Over time when living in a new home or newly carpeted home, some may notice black lines/areas forming around the perimeter of carpeted rooms. The black lines on the edge of your carpet are a result of filtration soil.
How Your HVAC System Plays a Role in Filtration Soil:
The general rule is, warm air moves up and cool air drops down.
The circulation of air in your home causes the carpet to act like a filter. Your carpet traps small airborne dirt, dust, oil, and carbon (pollutants) between the wall and carpet under doorways. One fact is that warm air likes cool surfaces, meaning that as air is warmed (typically while the furnace is running) the air goes up and searches out cooler surfaces. As the air moves to the cooler area, it will push its way through carpeted surfaces to “clean itself” from the pollutants.
How Can You Prevent Filtration Soil Through Your HVAC System?
Filtration soil lines are found in many homes. While, vacuuming your carpets often may assist you a slight bit, it may not be very effective in this situation as vacuums aren’t too successful when cleaning the edge of carpets. You have a better chance of avoiding these lines by making sure that the air in your home is clean. You can do so by cleaning or replacing your HVAC unit’s air filter in a timely manner. A suggested time to change your filter is when seasons are changing. Not only does replacing your air filter keep the air in your home clean, it also makes your HVAC unit more efficient. According to the U.S. Department of Energy, “the most important maintenance task that will ensure the efficiency of your air conditioner is to routinely replace or clean its filters.”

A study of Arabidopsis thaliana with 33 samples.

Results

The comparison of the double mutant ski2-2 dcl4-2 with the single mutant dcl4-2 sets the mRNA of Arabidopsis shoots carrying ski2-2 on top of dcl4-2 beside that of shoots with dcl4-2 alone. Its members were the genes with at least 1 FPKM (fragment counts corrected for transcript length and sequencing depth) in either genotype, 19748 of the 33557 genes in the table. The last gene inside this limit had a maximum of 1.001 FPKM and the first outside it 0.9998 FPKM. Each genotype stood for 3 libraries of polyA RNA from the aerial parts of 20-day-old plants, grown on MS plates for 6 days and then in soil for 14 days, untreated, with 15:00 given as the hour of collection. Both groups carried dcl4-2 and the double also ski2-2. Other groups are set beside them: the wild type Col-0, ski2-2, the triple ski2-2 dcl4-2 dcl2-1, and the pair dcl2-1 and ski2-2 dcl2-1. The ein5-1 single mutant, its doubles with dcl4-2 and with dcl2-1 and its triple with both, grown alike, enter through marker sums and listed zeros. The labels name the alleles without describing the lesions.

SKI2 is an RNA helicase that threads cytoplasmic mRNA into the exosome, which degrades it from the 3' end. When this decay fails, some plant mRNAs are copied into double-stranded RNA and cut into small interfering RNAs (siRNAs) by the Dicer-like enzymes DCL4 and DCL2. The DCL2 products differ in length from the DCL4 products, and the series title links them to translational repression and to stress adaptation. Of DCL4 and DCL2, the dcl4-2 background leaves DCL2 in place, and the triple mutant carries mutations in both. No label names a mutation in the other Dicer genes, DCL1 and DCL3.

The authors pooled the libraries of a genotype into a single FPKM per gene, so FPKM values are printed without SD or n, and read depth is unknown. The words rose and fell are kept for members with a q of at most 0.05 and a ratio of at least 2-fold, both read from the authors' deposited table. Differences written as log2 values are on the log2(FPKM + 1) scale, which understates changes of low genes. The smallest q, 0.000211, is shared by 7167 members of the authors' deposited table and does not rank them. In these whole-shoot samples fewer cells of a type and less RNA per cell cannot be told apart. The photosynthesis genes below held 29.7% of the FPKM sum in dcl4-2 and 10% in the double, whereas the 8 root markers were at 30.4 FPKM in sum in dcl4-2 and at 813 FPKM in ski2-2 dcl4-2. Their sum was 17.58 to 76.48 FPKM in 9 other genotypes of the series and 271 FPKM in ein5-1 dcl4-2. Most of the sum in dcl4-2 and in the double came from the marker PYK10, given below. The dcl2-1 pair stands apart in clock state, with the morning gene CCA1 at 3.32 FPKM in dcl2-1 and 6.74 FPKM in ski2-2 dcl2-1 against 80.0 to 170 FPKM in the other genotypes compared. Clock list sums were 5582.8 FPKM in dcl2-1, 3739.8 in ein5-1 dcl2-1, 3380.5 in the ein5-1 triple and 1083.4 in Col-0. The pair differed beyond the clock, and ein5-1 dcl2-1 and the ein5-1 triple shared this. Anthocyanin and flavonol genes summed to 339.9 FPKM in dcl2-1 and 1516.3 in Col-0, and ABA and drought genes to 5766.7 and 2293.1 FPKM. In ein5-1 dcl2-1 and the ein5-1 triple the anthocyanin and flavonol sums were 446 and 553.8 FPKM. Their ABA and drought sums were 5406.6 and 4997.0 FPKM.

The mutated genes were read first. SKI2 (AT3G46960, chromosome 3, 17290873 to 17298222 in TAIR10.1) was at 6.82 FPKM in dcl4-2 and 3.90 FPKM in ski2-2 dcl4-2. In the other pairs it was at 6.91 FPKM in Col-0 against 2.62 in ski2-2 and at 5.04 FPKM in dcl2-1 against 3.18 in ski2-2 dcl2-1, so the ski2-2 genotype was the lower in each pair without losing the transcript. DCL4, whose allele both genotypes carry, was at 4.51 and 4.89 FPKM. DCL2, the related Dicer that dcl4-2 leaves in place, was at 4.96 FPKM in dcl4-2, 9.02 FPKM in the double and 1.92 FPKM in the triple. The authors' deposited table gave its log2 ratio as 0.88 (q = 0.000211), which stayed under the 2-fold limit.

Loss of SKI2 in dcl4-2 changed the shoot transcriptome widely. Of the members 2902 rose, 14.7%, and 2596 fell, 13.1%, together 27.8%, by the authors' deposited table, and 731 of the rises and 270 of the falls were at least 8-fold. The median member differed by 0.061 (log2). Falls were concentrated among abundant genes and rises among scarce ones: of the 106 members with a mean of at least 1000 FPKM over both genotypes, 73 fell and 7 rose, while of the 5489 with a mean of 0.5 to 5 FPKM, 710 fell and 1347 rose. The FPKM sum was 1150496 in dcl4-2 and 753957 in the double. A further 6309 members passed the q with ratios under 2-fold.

To learn more about the importance of changing your air filters and how to change them, check out the following links:
Suggestions for Cleaning Filtration Lines:
Start out with your standard carpet cleaning protocol. If that isn’t effective you may need to be more aggressive, but be careful not to use too much force or too many chemicals. Doing so may harm the carpet or baseboard/wall.
- Start out with a mild cleaning solution or solvent.
- While cleaning, protect the wall/baseboard with a spare/scrap piece of wood, plastic, or cardboard.
- Aggressively work in the solution, as much as you can, with a small brush.
- As debris starts to come to the surface, blot it up with a towel.
- Rinse with clean, clear water.
- Repeat as needed until there is no more debris.
Because this filtration soil is not just on the surface, but goes deep into the carpet, it is recommended to contact a professional carpet cleaner if the steps above do not help.